The latest exhibition in the Meffan Gallery in Forfar features the work of Aberfoyle-based artist Charmian Pollok.
All Charmian’s work derives from the experience of a place, a moment in time as she walks a particular landscape.
She has been a lifelong walker, botanising and collecting ‘stuff’ which she finds along the way. Whilst studying full-time at Glasgow School of Art in her middle-age she learnt to call this ‘stuff’, ‘found objects’.
It was a ‘eureka moment’ for her. Most of the works also feature her own hand-made papers.
She said: “As a child I would walk and botanise and collect stuff which I found along the way.
“Decades later things have not changed much except that, now, this activity has a purpose which is directed towards my artworks.
“Attending Glasgow School of Art in my middle age taught me to call the ‘stuff’ I collected ‘found objects’.
“At last, a rationale for an untidy habit.
“I knew that I wanted my work to reflect my abiding interest in the natural world and concern for the impact of man’s activities on it but I did not want to reproduce what I saw and felt in any sort of mimetic way.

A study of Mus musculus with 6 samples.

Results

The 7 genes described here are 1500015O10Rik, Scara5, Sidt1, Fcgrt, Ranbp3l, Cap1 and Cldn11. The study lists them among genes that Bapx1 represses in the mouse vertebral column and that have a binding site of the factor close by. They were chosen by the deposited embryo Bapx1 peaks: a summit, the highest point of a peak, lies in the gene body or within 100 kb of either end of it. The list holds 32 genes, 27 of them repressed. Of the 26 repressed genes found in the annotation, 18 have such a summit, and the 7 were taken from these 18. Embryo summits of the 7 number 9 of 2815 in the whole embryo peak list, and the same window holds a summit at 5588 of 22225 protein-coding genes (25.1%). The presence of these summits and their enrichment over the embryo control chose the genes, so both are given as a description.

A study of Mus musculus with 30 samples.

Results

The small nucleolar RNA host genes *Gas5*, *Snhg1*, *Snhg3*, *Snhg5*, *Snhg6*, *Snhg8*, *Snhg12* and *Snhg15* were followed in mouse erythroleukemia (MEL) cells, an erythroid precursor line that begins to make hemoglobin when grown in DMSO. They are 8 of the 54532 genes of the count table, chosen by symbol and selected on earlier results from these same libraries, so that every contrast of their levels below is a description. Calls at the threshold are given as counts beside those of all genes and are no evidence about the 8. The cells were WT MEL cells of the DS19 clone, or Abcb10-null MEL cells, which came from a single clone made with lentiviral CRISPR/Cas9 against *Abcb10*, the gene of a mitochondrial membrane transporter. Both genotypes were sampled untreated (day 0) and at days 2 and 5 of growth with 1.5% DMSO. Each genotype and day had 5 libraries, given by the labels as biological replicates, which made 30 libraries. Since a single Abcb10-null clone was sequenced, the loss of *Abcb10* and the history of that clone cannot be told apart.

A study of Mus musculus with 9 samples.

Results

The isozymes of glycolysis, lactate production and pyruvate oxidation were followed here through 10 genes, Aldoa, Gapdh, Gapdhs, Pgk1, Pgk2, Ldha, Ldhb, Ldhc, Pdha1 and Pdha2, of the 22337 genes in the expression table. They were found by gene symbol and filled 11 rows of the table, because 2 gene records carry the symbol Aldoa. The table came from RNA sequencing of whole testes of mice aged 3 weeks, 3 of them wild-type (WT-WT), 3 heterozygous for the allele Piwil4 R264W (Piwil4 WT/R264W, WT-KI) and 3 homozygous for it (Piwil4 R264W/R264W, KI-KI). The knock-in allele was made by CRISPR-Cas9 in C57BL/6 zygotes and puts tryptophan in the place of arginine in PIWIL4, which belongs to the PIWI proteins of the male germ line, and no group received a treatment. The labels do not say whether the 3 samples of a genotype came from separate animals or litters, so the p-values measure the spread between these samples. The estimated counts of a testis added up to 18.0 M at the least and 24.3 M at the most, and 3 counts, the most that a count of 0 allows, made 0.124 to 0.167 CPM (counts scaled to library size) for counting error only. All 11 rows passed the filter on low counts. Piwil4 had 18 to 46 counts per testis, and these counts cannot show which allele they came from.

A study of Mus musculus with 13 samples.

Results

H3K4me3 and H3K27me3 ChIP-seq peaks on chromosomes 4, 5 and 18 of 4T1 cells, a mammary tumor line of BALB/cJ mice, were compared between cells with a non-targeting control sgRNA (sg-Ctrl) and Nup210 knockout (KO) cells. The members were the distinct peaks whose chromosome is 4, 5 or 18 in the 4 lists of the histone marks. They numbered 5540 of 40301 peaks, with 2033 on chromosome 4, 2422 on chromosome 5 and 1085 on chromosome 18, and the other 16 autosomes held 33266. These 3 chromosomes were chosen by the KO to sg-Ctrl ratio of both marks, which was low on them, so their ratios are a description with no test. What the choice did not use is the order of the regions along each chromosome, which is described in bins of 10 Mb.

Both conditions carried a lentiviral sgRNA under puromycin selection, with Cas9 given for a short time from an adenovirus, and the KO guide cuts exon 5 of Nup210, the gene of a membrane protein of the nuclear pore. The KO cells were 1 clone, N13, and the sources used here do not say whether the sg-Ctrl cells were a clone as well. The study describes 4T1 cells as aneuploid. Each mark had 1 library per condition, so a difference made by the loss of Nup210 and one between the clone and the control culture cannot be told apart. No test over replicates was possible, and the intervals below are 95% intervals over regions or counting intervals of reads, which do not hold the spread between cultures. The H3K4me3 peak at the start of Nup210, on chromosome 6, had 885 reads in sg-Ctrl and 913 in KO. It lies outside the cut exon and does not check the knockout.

“It took a long time before my present working methods evolved but in them I find the scope I need to express myself.”
Charmian explained her papermaking skills enable her to supply a subtle site-specificity to a piece by making most of the papers in any one piece of work from the plants found in the area where she found the object which is the centrepiece of the individual artwork.
She continued: “Each piece, however, demands its own approach and this includes the type of paper used. I have to first find the ‘key to the piece.’
“Living deep in the Scottish countryside, my walks would often take me across-country past ruined crofts where I would scavenge around to see what I could find, a small history in a piece of rusty metal or a scrap of shoe leather. Every visitor will bring his or her own experience to the work. There is no right or wrong meaning”.
Another separate strand to her work is the incorporation of past-processed cotton linters.
Charmian explained: “Different fibres produce papers with different qualities which, in turn, will lend themselves to different purposes.”
Jim Boon, galleries curator said: “We are delighted to welcome Charmian Pollok to the Meffan. Her exhibition is a masterclass in the art of the ‘found object’.
“In her hands discarded everyday materials become an elegant symbolic record of another time and place”.